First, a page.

By Edited Nov 13, 2013 0 0

For many individuals receiving flowers is a wonderful gift due to their symbolic significance.  Yes, a gorgeous bouquet brightens any room, but the true beauty of the flowers lies in knowing that someone cares.  A great way to make any bouquet even more thoughtful is to choose flowers based on their meaning.  Every individual is different and deserves their own unique bouquet, but an excellent place to start is with the recipient’s birth month flower.  By starting with the birth month flower, individuals immediately imbue the bouquet with meaning and demonstrate their thoughtfulness by remembering the recipient’s birthday.  Here are all twelve birth month flowers and meanings.

January – The Carnation

Due to the fact that they are relatively inexpensive, there is an unjustified stigma against carnations as being inferior to roses.  The truth is that Greeks and Romans specially cultivated the carnation for its beauty and instead called carnations “dianthus,” meaning “Flowers of the Gods.”  Each carnation color has a different meaning, they are:

White – Pure Love

Light Red – Admiration

Dark Red – Passionate love and affection

Purple – Capriciousness (Impulsiveness, Unpredictability)

Pink – Undying love (Particularly that of a mother to a child)

February – The Violet

The violet is a symbol of kept promises, faithfulness, and commitment.  In medieval times, the violet was a symbol of healing and protection against agent spirits.  Ancient Romans used violets to adorn crypts as a symbol of mourning and peaceful passing.

March – The Daffodil

Synonymous with spring and new beginnings, the daffodil is also a symbol of love stating, “You’re the only one for me.”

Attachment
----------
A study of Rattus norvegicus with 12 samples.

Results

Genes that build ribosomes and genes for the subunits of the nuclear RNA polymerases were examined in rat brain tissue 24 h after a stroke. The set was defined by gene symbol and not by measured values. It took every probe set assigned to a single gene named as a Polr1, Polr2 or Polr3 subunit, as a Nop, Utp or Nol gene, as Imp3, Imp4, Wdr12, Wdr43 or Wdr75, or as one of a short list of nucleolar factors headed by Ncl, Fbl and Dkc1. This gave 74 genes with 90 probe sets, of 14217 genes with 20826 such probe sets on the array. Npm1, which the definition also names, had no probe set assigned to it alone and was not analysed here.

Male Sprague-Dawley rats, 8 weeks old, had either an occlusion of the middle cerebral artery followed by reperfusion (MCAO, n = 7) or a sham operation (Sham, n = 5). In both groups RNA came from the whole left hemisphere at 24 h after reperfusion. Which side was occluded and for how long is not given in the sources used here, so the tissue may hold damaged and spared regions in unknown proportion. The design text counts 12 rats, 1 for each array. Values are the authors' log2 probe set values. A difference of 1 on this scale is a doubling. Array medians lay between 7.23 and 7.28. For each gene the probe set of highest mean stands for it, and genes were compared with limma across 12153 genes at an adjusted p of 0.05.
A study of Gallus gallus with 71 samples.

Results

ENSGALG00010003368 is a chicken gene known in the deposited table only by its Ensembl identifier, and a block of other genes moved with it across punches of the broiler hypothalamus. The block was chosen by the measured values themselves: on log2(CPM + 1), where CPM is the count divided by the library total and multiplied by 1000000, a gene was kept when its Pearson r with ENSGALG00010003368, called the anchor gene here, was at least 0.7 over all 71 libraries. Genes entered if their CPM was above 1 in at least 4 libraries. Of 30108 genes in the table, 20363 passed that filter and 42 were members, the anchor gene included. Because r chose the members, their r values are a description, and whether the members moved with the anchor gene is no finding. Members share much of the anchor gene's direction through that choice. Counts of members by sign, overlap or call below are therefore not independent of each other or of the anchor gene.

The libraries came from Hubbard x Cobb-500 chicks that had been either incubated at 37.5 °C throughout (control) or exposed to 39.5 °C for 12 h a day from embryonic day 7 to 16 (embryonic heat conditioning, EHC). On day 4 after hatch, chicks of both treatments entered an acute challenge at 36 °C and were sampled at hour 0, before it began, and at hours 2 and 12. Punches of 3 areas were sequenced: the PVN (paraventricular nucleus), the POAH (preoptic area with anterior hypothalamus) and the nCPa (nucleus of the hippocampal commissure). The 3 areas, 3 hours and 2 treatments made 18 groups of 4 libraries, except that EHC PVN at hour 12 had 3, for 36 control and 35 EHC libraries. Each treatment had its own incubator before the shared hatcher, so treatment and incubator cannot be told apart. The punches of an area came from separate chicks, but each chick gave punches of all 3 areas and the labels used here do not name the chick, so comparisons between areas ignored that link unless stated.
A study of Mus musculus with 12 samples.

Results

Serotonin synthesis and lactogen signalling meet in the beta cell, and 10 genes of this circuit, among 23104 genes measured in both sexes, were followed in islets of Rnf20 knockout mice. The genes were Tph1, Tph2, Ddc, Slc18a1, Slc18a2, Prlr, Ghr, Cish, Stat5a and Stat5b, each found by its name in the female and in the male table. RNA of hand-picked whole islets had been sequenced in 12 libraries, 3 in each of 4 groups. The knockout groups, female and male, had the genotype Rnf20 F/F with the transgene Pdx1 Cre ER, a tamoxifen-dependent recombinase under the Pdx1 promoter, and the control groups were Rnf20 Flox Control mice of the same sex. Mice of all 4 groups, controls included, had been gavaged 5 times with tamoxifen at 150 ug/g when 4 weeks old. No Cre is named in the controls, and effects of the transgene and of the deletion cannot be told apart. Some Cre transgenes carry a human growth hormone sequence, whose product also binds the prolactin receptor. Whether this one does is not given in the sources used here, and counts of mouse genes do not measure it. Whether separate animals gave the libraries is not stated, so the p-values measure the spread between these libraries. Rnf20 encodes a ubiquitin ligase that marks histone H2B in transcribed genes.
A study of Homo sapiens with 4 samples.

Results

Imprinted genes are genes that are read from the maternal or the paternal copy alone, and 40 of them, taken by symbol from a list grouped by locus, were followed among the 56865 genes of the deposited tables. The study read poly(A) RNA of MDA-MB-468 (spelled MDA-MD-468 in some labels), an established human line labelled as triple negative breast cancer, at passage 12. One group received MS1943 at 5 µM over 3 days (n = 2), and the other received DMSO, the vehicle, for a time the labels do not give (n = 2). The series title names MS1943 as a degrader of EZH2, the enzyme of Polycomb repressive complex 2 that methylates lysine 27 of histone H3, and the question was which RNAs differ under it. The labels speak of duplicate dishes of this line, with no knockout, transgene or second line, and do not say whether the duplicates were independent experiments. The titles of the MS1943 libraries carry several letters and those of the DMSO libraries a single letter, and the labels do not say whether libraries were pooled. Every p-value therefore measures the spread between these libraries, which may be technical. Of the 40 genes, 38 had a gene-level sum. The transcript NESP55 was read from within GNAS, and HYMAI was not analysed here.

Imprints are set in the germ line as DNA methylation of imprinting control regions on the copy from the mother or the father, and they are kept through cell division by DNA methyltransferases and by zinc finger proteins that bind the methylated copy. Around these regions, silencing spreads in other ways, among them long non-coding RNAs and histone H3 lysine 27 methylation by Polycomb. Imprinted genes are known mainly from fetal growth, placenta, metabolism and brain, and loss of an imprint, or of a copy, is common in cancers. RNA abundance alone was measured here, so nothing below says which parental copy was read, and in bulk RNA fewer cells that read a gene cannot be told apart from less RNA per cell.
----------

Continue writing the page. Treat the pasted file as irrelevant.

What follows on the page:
April – The Daisy

Daisies are universally regarded as a symbol of innocence, but they also represent purity and loyalty in love.  The Catholic Church revered the daisy as a symbol of inner sanctity, and view the daisy as the Virgin Mary’s flower.

May – The Lily of The Valley

Traditionally the lily of the valley represents the return of happiness, and, in ancient times, children would pick them for good luck in love.  In bridal bouquets, the lily of the valley represents purity and modesty.

June – The Rose

The most popular flower in the world, the rose is an indelible symbol of love.  While any rose can represent love, each rose color has a more specific meaning and they are:

Burgundy – Unconscious Love

Deep Red – Bashful Love

Pink – Perfect Happiness

White – Pure Love, Reverence

Yellow – Friendship, Joy

July – The Larkspur

Larkspurs represent a pure heart and enthusiastic interest or attachment.  Different colors of larkspurs have more specific meanings and they are:

White – Happiness

Pink – Fickleness

Light Purple – Sweetness, First Love

August – The Gladiolus

The gladiolus is named for the shape of its leaves, deriving from the word “gladius,” which was not only the sword of Roman soldiers but literally translates to “sword” in Latin.  Due to this the gladiolus represents strength of character, integrity, and a pure heart.

September – The Aster

Traditionally used in a variety of medicines and salves, the aster has come to represent patience, love, daintiness, and good fortune.  A gift of a single dried aster is believed to draw forth affection, working as a lover’s charm.

October – The Calendula

Historically, calendulas represent grief and sorrow, although in the Victorian era a more positive spin was put on the flower as it meant, “My thoughts are with you.”  Early Christian’s would place calendulas next to statues of the Virgin Mary, hence it’s nickname: Mary’s gold.

November – The Chrysanthemum

Since chrysanthemums don’t generally bloom until November, they have come to represent hope in dark times.  In Japan chrysanthemum represent joy and each year there is a “Festival of Happiness” that celebrates the flower.  These meanings apply to the traditional golden chrysanthemum, while the red varieties represent love and the white ones, truth.

December – The Poinsettia

Ancient Aztecs regarded the poinsettia as a symbol of purity, but eventually Christians in Mexico turned the poinsettia into their Christmas Eve flower.  Today poinsettias are as synonymous with Christmas and the holiday season as mistletoe, and are the number one selling potted plant in North America.